Facilities and expertise of partner universities
Deakin University (Administrating Organisation)
World-class electrochemistry, battery prototyping, conditioning and testing facilities, suited to support fundamental and applied research in energy storage.
Facilities for characterisation of air sensitive battery and supercapacitor samples are available at Deakin’s Advanced Characterisation Facility.
Deakin’s Centre for Advanced Design in Engineering Training (CADET) includes a state of the art Grid and Renewables Testing and Simulation Facility. Our BatTRI-Hub facility incorporates a prototyping centre to accelerate the development of new batteries and includes:
- battery pouch cell device assembly
- performance evaluation – high temperature testing and processing, electrode formulation and foil preparation
- capability to synthesise and test new formulations for advanced, next-generation lithium and sodium battery chemistries at practical scales.
The Institute for Intelligent Systems Research and Innovation
The Institute for Intelligent Systems Research and Innovation (IISRI) can simulate and review smart grid and technology systems.
Continued advancement in clean energy generation technologies, enhanced storage capabilities, intelligent and secure management of systems, improvements in energy and efficiency and progressive support policy will all be fundamental to global endeavours to reduce greenhouse gas emissions, combat climate change and address increasing demands for energy.
Deakin University is installing a range of renewable energy-based technologies as demonstrators and research platforms within its Waurn Ponds campus microgrid, as part of the University’s commitment to the energy sector:
- an industrial-scale 7.25 mW smart microgrid energy system
- a solar generation farm
- a one-megawatt battery storage capacity
- multiple small distributed energy resources
- an integrated new research and visualisation centre for research on micro-grid performance research and data gathering, and student education and training.
Deakin projects will aim to support the growth in Australian battery fabrication capabilities, to enhance battery testing facilities and to develop new battery energy storage systems.
Battery management system technologies developed for a diverse range of deployment environments that have demanding safety, reliability, security and quality requirements.
Monash University research within the Centre comprises of enterprise research from the School of Chemistry, Department of Chemical Engineering and the Monash Energy Materials and Systems Institute.
Prof Doug MacFarlane: Ionic Liquids and electroactive materials for sustainable sysnthesis. Using Ionic Liquids as electrolytes for devices as a substitute to replace volatile organic compounds (VOCs) as electrolytes for domestic and industrial batteries.
Our work is shifting focus to different types of batteries, to increase safety and allow advances in terms of power density and/or reduced costs. Electrical energy storage technologies, including new advanced battery chemistries (lithium metal, sodium, magnesium and flow chemistries) as well as supercapacitors are core to this research.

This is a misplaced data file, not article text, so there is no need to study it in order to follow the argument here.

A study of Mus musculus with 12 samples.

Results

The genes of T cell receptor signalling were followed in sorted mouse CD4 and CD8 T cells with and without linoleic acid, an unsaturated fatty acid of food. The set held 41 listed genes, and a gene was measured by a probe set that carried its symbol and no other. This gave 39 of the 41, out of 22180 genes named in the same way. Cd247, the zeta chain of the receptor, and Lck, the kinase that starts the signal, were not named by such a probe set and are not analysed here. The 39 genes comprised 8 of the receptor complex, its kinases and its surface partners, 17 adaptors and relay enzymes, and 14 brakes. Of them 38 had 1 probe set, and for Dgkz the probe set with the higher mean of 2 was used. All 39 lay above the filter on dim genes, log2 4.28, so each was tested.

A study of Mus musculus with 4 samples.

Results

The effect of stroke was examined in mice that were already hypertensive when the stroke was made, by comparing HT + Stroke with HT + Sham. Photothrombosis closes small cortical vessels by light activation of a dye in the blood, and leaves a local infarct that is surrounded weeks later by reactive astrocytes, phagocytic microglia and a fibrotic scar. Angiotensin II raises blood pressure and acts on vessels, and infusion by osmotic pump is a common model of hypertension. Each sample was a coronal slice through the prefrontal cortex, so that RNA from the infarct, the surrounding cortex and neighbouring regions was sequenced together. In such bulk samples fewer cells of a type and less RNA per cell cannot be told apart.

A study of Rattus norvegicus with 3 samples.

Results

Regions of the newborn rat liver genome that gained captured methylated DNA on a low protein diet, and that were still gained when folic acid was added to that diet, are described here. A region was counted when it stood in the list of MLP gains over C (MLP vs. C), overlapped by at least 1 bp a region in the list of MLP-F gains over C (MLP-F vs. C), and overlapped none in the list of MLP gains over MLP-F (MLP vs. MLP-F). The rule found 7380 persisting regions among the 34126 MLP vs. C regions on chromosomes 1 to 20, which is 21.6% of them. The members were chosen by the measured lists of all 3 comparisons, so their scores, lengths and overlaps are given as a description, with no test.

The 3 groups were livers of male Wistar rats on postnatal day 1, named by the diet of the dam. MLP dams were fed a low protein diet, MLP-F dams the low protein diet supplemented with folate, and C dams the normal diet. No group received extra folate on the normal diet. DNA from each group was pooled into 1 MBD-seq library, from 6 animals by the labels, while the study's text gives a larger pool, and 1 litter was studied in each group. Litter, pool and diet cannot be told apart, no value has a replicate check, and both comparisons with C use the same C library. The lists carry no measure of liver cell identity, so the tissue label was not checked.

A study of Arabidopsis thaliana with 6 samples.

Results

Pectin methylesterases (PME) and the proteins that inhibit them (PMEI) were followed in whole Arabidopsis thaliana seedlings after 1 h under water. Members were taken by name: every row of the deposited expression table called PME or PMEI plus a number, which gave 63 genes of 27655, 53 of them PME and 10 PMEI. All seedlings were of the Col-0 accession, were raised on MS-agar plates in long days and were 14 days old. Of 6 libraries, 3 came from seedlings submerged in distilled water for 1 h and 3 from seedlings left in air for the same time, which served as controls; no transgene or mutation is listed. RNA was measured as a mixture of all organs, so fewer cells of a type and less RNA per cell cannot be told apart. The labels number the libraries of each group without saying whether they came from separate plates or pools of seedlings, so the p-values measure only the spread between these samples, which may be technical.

Dr Parama Chakraborty Banerjee has expertise in electrochemistry, batteries and micro-super capacitors.
- State of the art sustainable chemistry laboratories to design and synthesise battery and super capacitor active materials
- Large electrochemistry instrumentation for analysis and testing of devices
- PerkinElmer Flagship Facility for analytical chemistry
The University of Melbourne
Professor Dan Li: expertise in nano-ionics and nano-fluidics, design strategies for supercapacitors, nanostructured electrodes for electrochemical devices, graphene technologies, Colloidal processing of advanced materials, electrochemical energy materials and devices (e.g. supercapacitors, batteries and fuel cells), and flexible electronics.
The University of Melbourne has a dedicated Materials Characterisation and Fabrication Platform that supports materials and chemical research and fabrication uniquely at the nanoscale.
University of South Australia
The Future Industries Institute at the University of South Australia provides capacity in Energy and advanced manufacturing with scientists and engineers specialising in polymer chemistry, materials science and surface engineering.
- The design and deposition of multi-layer thin film coating systems – crucial for thin-film electrodes for flexible and miniaturised batteries and supercapacitors
- Development of environmentally robust coating systems
- Process development and scale up
- Energy capture, storage and conversion
- Design and fabrication of advanced nanomaterials and nanocomposites
- Conducting polymer synthesis and device fabrication
- Materials science and catalysis
Queensland University of Technology
The QUT team is led by Profs Peter Talbot and Jose Alarco. Their combined expertise includes a range of nanomaterials processing and manufacturing (crucial as catalysts for batteries), product development, scale-up and delivery.
The Banyo Pilot Plant is a general-purpose facility for large-scale and scaled-up research in traditional engineering, scientific applications, and testing and validation. It includes an Australian first facility that produces commercial grade 18650 size lithium-ion batteries. The facility can rapidly prototype new battery formulations and cell types, while the university’s Central Analytical Research Facility houses instruments for analysis and characterisation.